By Heather Roy, Junior PR Consultant
“If you can’t say anything nice, don’t say anything at all.” This age-old adage has come back to bite the reputations of some pretty high-profile Hollywood executives through the recent Sony Pictures hack.
But the scathing emails, which allegedly call Angelina Jolie “a minimally talented spoiled brat,” Leonardo DiCaprio’s behaviour “horrible” and “despicable,” and Adam Sandler’s films “mundane and formulaic,” are only the sideshow in what has quickly become one of the largest corporate data breaches in history.
It started on November 24 when a threatening skull simultaneously flashed on the computer screens of all Sony employees with the following threat: “If you don’t obey us, we’ll release data shown below to the world.”
And that’s exactly what happened. According to the Wall Street Journal, the hack released the social security numbers of 47,000 employees and actors. The 33,000 leaked documents also revealed personal information, salaries of more than 6,000 current and former employees and their home addresses, medical records and emails. It also released five Sony films, four of which had not yet made it to theatres.
Cyber Terrorism or Blowing Smoke?
But it was The Interview, a comedy about a plot to assassinate Kim Jong-un, North Korea’s dictator, which sparked fears about public safety. On December 5, hackers claiming to be called the Guardians of Peace, emailed a threat to Sony employees, saying its agents would hurt them if they didn’t sign a statement “repudiating the company.” The same group then emailed reporters in poorly written English on December 16, threatening to attack movie theatres that show The Interview.
“We will clearly show it to you at the very time and places The Interview be shown, including the premiere, how bitter fate those who seek fun in terror should be doomed to. Soon all the world will see what an awful movie Sony Pictures Entertainment has made. The world will be full of fear. Remember the 11th of September 2001. We recommend you to keep yourself distant from the places at that time.”
Sony has since cancelled the release of the film. And according to the New York Times, senior US administration officials said North Korea was “centrally involved” in the hacking of Sony’s computers. The White House is currently considering how to address the situation.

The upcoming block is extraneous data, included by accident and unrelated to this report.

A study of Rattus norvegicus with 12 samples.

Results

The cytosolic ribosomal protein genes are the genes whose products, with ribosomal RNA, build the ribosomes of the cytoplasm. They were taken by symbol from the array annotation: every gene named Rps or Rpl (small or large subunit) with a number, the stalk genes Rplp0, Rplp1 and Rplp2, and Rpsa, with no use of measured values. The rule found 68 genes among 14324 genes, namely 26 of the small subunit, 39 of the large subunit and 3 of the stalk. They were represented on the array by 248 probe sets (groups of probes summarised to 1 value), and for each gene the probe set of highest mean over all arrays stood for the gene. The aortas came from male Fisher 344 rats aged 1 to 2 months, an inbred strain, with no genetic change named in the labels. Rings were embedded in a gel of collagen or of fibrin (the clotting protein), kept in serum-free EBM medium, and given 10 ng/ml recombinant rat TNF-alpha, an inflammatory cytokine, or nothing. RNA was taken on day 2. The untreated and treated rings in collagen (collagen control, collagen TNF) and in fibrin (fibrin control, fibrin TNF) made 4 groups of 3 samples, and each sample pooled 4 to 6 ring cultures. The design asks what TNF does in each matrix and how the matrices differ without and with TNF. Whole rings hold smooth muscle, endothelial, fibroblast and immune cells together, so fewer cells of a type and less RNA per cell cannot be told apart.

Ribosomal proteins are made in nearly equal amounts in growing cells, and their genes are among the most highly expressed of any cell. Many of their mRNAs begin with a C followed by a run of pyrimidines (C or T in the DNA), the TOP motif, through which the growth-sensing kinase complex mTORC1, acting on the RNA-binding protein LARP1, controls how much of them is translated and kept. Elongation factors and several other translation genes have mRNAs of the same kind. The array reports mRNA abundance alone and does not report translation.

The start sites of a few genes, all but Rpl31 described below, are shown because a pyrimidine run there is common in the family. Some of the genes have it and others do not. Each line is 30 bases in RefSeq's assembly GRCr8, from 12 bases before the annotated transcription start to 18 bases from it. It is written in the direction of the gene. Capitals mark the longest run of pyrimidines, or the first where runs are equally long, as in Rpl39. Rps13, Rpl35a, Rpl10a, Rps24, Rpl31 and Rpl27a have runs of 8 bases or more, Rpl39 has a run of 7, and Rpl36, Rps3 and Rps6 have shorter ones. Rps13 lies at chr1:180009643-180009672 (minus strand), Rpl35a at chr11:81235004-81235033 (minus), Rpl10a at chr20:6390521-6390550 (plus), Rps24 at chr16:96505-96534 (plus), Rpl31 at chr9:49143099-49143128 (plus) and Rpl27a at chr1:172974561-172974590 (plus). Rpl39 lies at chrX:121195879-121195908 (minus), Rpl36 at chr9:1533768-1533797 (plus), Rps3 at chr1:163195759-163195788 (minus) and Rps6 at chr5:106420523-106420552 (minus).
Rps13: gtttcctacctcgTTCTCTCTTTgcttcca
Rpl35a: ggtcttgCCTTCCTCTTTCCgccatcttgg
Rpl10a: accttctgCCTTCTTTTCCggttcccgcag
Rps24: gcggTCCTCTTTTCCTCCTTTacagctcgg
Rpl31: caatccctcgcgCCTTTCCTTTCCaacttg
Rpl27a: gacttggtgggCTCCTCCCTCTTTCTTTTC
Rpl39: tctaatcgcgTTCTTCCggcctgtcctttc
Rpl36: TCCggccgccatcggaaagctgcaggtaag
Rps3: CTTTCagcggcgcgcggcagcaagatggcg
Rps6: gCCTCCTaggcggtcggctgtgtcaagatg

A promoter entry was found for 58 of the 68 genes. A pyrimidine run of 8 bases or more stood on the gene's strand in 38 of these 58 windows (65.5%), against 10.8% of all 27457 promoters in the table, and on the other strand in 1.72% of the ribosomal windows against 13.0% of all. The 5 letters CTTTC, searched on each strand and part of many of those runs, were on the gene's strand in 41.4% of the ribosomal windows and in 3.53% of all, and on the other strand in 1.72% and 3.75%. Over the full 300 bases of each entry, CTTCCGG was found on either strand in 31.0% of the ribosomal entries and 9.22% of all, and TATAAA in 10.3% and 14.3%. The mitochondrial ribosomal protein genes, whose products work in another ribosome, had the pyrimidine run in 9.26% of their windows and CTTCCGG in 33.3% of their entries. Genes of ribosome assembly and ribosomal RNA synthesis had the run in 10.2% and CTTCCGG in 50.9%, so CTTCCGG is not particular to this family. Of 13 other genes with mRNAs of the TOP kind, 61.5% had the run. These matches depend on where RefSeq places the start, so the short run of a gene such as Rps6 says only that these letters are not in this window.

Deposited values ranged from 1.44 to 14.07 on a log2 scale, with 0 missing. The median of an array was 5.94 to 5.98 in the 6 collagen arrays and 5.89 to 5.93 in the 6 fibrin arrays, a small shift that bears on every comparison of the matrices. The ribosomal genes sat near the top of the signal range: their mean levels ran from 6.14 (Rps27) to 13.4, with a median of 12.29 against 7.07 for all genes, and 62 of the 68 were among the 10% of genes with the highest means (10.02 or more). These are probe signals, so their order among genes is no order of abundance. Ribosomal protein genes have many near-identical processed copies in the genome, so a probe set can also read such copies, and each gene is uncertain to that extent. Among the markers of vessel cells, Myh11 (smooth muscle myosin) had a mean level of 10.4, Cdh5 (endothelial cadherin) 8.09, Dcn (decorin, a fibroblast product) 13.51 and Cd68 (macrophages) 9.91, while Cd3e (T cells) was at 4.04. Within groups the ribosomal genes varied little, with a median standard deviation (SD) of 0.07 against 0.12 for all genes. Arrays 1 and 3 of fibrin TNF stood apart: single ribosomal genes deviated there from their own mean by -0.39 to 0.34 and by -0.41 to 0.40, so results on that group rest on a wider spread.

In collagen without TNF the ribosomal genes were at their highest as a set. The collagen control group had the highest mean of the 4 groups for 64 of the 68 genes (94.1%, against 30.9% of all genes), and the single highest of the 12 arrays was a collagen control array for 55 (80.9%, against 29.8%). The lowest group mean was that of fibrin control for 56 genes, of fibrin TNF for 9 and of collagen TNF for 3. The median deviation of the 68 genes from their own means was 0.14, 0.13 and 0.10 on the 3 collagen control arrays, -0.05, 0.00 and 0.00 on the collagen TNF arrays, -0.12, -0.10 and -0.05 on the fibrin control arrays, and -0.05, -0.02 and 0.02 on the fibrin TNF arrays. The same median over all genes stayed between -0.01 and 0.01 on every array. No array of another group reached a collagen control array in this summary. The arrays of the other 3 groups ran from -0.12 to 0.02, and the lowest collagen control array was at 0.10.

But what does this breach say about information security in an age when companies store the vast majority of their data online? And who is responsible for ensuring private data stays private?
When publicity around the hack showed no sign of slowing down, Sony urged journalists and news organizations to stop reporting on the details of its “private” documents and threatened to hold journalists accountable for any damages caused by their stories.
“We are writing to ensure that you are aware that SPE does not consent to your possession, review, copying, dissemination, publication, uploading, downloading or making any use of the stolen information,” attorney David Boies wrote in a December 14 letter that was sent to news outlets, including the New York Times, Bloomberg and Businessweek. The company also said that if journalists do not abide by its request, Sony Pictures “will have no choice but to hold [them] responsible for any damage or loss.”
But the reality of the situation is that Sony and its employees are responsible for making sure Sony’s documents are secure. This means that employees should not share passwords and the company should have a strong security team and policies in place. As TIME points out, the hack ironically revealed that Sony Pictures CFO, David C. Hendler, flagged the company’s risky security policy of requiring employees to keep old emails, as recently as October.
The leaked correspondence, at a bare minimum, has taught the general public a valuable lesson: don’t type, tweet, post, or send anything that you want to keep private because there is always a chance that what you write will become public. It might sound extreme, but it’s a reality of today’s digital world.
However, self-censorship isn’t really an option when it comes to protecting company data. So, what do you think? How should companies like Sony protect their private information to avoid harming their brands and the reputations of their clients and employees?